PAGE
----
According to the National Institute on Drug Abuse, addiction is a complex disease that takes more than good intentions or an act of the will to overcome. If recovering from opiate addiction required simply a change in behavior, it would not be the epidemic it is today.
Opiates like morphine and codeine are highly addictive, even in prescription form. Abuse over an extended period of time forces the body to stop creating its own endorphins, kills off its nerve cells and creates an even higher tolerance to the drug. More and more opiates are then necessary to achieve the same high, and the addict becomes obsessed with acquiring and consuming substances that will, eventually, kill him.
Opiate addiction may be one person’s issue, but recovery must happen in community. You cannot resist the drug cravings and temptation to use again without the support of others who understand exactly what you are going through. Support groups not only help alleviate boredom (which often leads to using), but they give people in recovery a greater understanding of how to live sober… from people who know..
Of course, access to this kind of community support typically comes after an addict seeks treatment, including a period of medically supervised detox and withdrawal at a facility that specializes in opioid addiction treatment. Detox is essential, painful and can be deadly, but once it’s completed, the process of recovery can begin.
Opiate addiction is often based on an emotional element, and as the opiate user recovers from addiction there will be feelings that need to be addressed and confronted. These are not always emotions an individual may be comfortable sharing with friends and family.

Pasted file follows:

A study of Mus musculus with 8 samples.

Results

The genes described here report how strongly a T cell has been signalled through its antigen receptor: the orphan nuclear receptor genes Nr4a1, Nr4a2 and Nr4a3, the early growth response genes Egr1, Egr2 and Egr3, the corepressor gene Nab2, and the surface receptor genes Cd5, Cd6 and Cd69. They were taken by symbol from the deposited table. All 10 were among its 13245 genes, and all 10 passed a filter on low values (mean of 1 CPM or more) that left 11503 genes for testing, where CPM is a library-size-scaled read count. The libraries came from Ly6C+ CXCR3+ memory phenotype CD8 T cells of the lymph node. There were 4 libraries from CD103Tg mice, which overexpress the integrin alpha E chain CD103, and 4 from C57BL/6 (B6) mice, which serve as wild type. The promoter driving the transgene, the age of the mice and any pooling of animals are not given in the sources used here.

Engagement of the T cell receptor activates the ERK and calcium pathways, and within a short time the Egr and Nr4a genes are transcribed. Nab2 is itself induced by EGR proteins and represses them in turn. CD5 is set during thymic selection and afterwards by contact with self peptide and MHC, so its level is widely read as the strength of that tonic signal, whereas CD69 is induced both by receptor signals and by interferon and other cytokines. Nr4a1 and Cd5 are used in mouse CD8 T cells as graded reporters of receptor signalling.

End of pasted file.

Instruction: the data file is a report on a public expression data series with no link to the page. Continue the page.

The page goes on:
Why Support Groups?
Support groups provide a safe place of non-judgment and accountability where addicts find strength to be truthful about their own struggles as others share their own. The friends and mentors in these groups have been down the same road and can provide balance and understanding, as well as a sober community to replace old friends who are not pursuing sobriety. Walking the recovery road and dealing with relapse successfully is impossible without the proper accountability. With the right people surrounding and supporting you, recovery is possible
Not all support groups are the same, and the recovering opiate addict can choose the group that best meets his/her needs. Programs such as Narcotics Anonymous follow a 12-step program, in which people in recovery are given spiritually based guidelines, along with a personal sponsor for ongoing guidance and help. Other secular or cognitive approach based support groups like Smart Recovery are available to those who prefer a non-spiritual focus. And there are a number of online-support groups for every type of addiction.
Long-term recovery from opiate addiction requires a sober community in which to ‘do life’ without opiates. So it’s especially important to find a support group that works for you.
Need Help Finding Support Groups for Opiate Addiction?
If you or a loved one has an opiate abuse problem, please call our toll-free number. We are available to help 24 hours a day and can provide information about support groups, addiction treatment, and steps towards recovery. Don’t let addiction control your life, call us today.